It’s definitely been an atypical Illinois winter so far. Surprisingly warm weather—the warmest Christmas for 30 years or so—has been punctuated by sub-zero windy weather that literally makes it a pain to go outside.
Living in northern Illinois and surviving both the scorching, humid summers and the cold, windy, (and up until recently, anyway) snowy winters has been a challenge ever since the first settlers arrived following giant herds of woolly mammoths and giant bison and elk during the last Ice Age.
Back in those times, the politically correct notion that it’s bad to wear furs was a few hundred centuries away from being dreamed up. Furs, in fact, were required garb during the cold months unless frostbite was the desired result. Unfortunately, no one knows exactly what those first Paleo hunters wore because none of their clothing has survived. But we can speculate that they wore moccasins made from thick elk hide, probably lined with mouse nest filling or dried grasses. Animal skin clothing, with the fur on the inside, was also probably very popular with the fashionistas of the era.
In fact, the winter clothing of American Indians didn’t change a whole lot for a few thousand years. When weaving was invented in North America, narrow strips of rabbit skin, tanned with the fur left on, were made into blankets and capes that were warm, and soft besides. Moccasins stuffed with grass were favored right up until shoes and boots were introduced by the Europeans, and sometimes afterwards by both whites and Indians living on the northern frontier.
Snowshoes were required to get around in deep snow, with most Native Americans from this region favoring the smaller and more maneuverable oval “bear paw” design.
When the first settlers arrived in the Fox Valley, they didn‘t live all that much differently from the Native Americans they displaced, with the exception of their homes. Instead of loaf-shaped bark-covered lodges, American settlers built log cabins with wooden gabled split shake roofs.
Nevertheless, winter was as much a problem for the settlers as it was for the Indians. Log cabins were drafty and cold, and the earliest fireplaces actually had wooden chimneys. Although thickly lined with clay, wooden chimneys often burst into flame. Needless to say, stone or brick chimneys replaced the wooden variety as soon as possible.
The roads the first settlers encountered were no more than faint dirt tracks across the prairie, running from one ford across a creek or river to another. It was actually a bit easier to travel in the winter because the dirt tracks were frozen solid. Spring was the bad time because dirt roadways turned into virtually bottomless quagmires.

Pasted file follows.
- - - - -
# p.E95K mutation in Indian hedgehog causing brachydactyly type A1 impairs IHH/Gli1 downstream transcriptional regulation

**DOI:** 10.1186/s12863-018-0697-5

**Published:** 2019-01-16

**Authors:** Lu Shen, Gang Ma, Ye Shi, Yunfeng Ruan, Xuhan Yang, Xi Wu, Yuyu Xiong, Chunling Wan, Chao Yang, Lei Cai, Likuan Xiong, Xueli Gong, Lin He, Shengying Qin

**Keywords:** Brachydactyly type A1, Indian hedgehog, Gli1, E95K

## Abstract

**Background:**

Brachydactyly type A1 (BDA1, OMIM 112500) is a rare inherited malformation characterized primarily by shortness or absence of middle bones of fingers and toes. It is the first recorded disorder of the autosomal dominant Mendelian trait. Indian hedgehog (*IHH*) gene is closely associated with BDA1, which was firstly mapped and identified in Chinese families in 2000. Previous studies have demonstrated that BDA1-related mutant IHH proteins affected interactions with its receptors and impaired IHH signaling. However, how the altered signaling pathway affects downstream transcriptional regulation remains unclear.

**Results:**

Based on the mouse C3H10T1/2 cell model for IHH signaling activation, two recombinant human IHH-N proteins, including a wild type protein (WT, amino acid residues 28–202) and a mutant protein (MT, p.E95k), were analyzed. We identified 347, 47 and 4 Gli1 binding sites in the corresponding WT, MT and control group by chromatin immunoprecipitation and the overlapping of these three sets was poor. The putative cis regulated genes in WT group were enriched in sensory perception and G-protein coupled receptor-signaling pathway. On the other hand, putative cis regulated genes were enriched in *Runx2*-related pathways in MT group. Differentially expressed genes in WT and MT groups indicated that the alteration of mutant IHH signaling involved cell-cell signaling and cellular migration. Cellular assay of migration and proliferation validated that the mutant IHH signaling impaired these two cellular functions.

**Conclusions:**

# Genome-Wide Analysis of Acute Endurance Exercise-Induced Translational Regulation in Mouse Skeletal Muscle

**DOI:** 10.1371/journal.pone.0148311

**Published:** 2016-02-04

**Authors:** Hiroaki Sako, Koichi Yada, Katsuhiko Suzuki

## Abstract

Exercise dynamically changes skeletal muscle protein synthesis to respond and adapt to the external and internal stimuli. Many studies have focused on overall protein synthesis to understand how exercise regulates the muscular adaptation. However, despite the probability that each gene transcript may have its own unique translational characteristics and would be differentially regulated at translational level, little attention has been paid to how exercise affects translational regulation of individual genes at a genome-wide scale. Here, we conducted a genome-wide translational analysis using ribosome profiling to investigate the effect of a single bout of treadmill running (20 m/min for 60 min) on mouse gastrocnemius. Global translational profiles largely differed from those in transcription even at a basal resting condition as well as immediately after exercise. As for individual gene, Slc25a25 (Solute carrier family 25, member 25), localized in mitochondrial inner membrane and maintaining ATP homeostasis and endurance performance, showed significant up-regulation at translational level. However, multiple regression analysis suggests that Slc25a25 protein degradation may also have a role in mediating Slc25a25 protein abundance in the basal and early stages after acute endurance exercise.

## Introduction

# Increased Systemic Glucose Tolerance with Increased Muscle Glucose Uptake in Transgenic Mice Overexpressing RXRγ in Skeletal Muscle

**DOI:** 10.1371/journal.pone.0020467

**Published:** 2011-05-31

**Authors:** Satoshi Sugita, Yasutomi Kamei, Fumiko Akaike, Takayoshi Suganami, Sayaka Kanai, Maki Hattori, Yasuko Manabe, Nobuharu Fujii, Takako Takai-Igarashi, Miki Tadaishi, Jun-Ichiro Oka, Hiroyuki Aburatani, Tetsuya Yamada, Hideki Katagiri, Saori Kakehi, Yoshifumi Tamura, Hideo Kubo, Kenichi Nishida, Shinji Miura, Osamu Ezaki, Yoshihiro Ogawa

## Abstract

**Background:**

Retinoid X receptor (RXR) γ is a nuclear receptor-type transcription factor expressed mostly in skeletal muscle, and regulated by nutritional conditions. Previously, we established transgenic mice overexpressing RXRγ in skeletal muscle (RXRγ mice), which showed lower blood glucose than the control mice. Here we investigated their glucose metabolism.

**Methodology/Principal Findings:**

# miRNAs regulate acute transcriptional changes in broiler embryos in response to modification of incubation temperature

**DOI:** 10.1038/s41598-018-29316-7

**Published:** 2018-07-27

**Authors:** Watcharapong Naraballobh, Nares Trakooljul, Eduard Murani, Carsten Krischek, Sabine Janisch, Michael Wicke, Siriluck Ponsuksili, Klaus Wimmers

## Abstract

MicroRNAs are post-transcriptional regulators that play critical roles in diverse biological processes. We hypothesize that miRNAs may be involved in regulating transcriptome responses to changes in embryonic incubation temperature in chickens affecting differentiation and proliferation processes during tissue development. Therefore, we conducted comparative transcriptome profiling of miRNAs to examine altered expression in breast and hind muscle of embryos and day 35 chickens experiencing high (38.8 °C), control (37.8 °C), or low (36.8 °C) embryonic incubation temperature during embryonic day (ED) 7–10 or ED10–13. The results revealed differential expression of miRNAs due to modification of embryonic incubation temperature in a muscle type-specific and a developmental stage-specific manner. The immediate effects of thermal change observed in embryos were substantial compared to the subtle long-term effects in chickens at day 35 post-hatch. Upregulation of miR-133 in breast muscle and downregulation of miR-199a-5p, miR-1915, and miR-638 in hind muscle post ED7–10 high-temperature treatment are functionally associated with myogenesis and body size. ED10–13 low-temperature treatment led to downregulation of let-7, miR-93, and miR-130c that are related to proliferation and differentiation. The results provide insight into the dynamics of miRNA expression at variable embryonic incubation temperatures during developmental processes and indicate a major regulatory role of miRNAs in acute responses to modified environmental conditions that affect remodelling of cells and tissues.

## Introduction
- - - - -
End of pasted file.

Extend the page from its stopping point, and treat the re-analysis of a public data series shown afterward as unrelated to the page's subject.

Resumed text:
Sleds and sleighs were used for winter transport for people and freight alike. During the winter months, animals were slaughtered and then the frozen carcasses were hauled to market in Chicago on bobsleds, usually pulled by ox teams. Early on, both pork and beef were transported from the countryside to Chicago in this manner, where the carcasses were salted or smoked, to be shipped east via the Great Lakes or used for food by the residents of the growing city. Real change in that process had to wait a couple decades before railroads reached Chicago.
The only heat available in those earliest of log cabins was firewood. And it took a LOT of wood to heat even a small cabin. Pioneers generally chopped about 30 cords a winter, a cord being a tight stack of wood measuring four feet wide, four feet high, and eight feet long. Firewood was so valuable, in fact, that several of the county’s groves were subdivided into woodlots owned by farmers in the surrounding prairie. Wood, it was said then, warmed you twice, once when cut and split, and again when burned.
Meanwhile, down at the local mill dam, the millers had to work hard to keep the ice from damaging their machinery. Periodically, ice had to be broken away from the millraces and sluice gates that powered the turbine-style mill wheels. While the activity was going on, there was always a danger that a worker would fall through the ice and drown.
After rail lines began running along the Fox River in later years, the ice itself was turned into a commercial product. Each winter, the thick ice that formed behind the mill dams at Yorkville and Oswego and other Fox Valley towns was harvested using horse-drawn ice plows and hand ice saws. The blocks were hauled to shore by teams of horses, and stored in huge ice houses along the river bank. During the summer, the ice was transported to Aurora and Chicago via rail car, where it was used to keep food from spoiling through the use of iceboxes.
It wasn’t until the advent of the automobile that roads had to be kept reasonably clear of snow. Unlike horse-drawn sleighs, autos could not travel overland across the frozen fields, but had to keep to the roadways.
Nowadays, we expect the snowplows to head out at the first sign of snow, and demand that salt, sand, or both be spread on icy streets and roads as soon as possible. The idea of hitching up old Dobbin to a sleigh and heading off across country is only remembered when we sing a few choruses of “Jingle Bells,” and even then I suspect a lot of folks don’t understand what the song’s words mean. For instance, what are “jingle bells” and why would they “make spirits bright”?
Granted, things are a lot more complicated these days, but they are also a lot more comfortable. It’s doubtful folks would tolerate packing their moccasins with dried grass each morning before heading off to work in a one-horse open sleigh. Instead, we sit in our warm autos wrapped in goose down coats and listen to weather reports detailing the wind chill factor and predicting weather based on satellite photos and Doppler radar.
Once in a while I muse about what it would be like to go back to the good old days of Model T’s with side curtains, horse drawn open sleighs, and fireplace heated homes. But not for very long.